Shipments of “combo” chipsets for mobile devices that gather a variety of connectivity types in one small package are expected to approach 280 million worldwide by the end of 2010, according to ABI Research. ABI Research forecasts that more than 979 million such chipsets will ship in 2015.
“The market for combo chipsets is taking off, but somewhat more slowly than was originally expected,” says research analyst Xavier Ortiz. “Mobile phones are the main market for these combinations today, although ABI Research believes that for true mass adoption, combos will have to penetrate other product types that require short-range wireless: laptops and consumer electronics devices.”
The combination most commonly found in cell phones is Wi-Fi+GPS. Wi-Fi+Bluetooth combos have seen slower adoption due to performance issues, because both technologies use similar frequencies, so they must alternate transmissions to avoid interference. Nonetheless, that is something many mobile handset manufacturers are prepared to accept for the sake of fitting greater functionality into a smaller package.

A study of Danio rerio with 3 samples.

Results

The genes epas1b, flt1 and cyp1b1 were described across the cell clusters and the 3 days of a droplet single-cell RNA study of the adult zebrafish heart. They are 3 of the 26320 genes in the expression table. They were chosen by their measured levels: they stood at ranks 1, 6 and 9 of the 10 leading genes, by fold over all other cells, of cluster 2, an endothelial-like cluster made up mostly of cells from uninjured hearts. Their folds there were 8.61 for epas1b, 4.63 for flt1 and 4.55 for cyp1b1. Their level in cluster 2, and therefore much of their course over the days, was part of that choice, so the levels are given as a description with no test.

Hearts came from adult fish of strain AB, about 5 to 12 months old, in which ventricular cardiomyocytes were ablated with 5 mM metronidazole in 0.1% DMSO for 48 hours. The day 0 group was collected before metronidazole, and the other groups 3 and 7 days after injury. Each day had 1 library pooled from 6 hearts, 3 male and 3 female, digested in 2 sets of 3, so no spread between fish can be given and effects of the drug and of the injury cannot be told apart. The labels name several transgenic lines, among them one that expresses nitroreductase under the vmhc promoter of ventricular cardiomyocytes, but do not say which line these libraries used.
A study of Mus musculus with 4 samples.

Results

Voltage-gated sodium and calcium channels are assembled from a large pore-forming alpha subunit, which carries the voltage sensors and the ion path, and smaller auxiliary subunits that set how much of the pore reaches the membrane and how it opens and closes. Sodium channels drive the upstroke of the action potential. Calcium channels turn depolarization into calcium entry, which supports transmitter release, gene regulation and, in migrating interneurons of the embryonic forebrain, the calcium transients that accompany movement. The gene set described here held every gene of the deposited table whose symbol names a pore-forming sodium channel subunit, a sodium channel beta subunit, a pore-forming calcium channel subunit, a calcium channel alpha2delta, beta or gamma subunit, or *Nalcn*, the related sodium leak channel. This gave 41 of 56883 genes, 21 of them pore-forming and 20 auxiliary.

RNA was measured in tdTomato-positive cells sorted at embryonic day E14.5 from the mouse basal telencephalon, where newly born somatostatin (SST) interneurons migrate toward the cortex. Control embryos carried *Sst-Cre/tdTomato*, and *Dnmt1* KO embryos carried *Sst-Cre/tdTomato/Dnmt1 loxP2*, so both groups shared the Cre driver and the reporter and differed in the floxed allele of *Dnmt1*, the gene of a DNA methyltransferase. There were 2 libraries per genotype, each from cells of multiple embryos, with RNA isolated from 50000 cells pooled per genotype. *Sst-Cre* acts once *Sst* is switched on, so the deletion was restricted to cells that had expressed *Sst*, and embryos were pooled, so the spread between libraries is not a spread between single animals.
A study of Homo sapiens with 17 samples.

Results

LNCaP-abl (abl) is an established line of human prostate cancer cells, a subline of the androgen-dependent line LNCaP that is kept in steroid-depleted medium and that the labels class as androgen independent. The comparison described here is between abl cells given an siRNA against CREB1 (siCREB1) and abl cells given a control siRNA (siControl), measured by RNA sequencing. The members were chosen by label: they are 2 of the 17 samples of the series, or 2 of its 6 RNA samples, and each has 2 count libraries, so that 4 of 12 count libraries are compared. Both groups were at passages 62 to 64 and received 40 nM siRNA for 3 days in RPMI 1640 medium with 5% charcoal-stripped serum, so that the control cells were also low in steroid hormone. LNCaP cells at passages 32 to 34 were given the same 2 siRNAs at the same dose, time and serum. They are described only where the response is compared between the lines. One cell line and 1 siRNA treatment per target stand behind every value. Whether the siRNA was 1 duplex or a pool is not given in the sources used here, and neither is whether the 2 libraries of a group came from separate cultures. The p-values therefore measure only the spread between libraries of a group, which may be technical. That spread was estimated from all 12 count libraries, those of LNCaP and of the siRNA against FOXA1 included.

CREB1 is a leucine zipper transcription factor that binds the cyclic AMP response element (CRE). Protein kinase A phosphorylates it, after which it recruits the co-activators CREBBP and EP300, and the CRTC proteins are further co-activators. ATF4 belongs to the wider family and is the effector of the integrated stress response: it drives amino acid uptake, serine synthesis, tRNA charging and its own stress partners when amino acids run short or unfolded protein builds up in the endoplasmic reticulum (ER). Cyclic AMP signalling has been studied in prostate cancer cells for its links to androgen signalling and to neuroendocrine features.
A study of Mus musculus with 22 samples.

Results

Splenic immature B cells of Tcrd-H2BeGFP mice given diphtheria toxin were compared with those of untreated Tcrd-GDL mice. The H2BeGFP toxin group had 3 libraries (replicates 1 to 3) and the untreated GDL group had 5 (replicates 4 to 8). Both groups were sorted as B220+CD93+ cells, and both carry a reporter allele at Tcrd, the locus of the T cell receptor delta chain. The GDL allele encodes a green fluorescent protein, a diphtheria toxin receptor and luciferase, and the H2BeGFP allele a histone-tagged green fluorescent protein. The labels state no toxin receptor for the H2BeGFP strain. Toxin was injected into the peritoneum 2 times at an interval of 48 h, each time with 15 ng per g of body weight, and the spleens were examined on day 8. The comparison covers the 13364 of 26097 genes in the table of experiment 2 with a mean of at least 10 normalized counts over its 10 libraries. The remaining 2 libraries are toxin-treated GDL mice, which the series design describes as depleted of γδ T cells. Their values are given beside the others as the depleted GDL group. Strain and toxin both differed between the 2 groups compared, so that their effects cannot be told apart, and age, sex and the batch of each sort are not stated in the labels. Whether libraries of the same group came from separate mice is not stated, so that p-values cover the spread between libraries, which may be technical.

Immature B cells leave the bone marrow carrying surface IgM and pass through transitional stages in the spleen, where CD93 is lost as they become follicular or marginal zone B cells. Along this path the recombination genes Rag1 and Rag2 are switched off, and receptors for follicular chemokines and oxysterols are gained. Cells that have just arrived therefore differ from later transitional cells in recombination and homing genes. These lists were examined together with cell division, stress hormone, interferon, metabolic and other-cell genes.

However, says ABI, we can expect to see ‘Bluetooth+Bluetooth Low Energy’ combinations replacing “traditional” Bluetooth chips, since the added cost is insignificant. More than two billion are expected to ship in 2015 and eventually Bluetooth/BLE combos will be universal in the Bluetooth segment.
“Combos are finding their way into newer devices more than they are being retrofitted to older models,” says Ortiz. “Many companies we speak with say that when they were using pre-combo standalone chips, they built relationships with a number of OEMs, and mixed-and-matched to fit their needs. While their newer devices may use combos, for their existing time-tested devices they prefer to stick to the proven solutions.”
Some of the leading vendors are Broadcom, TI, CSR, Atheros, and Qualcomm with its Snapdragon platform.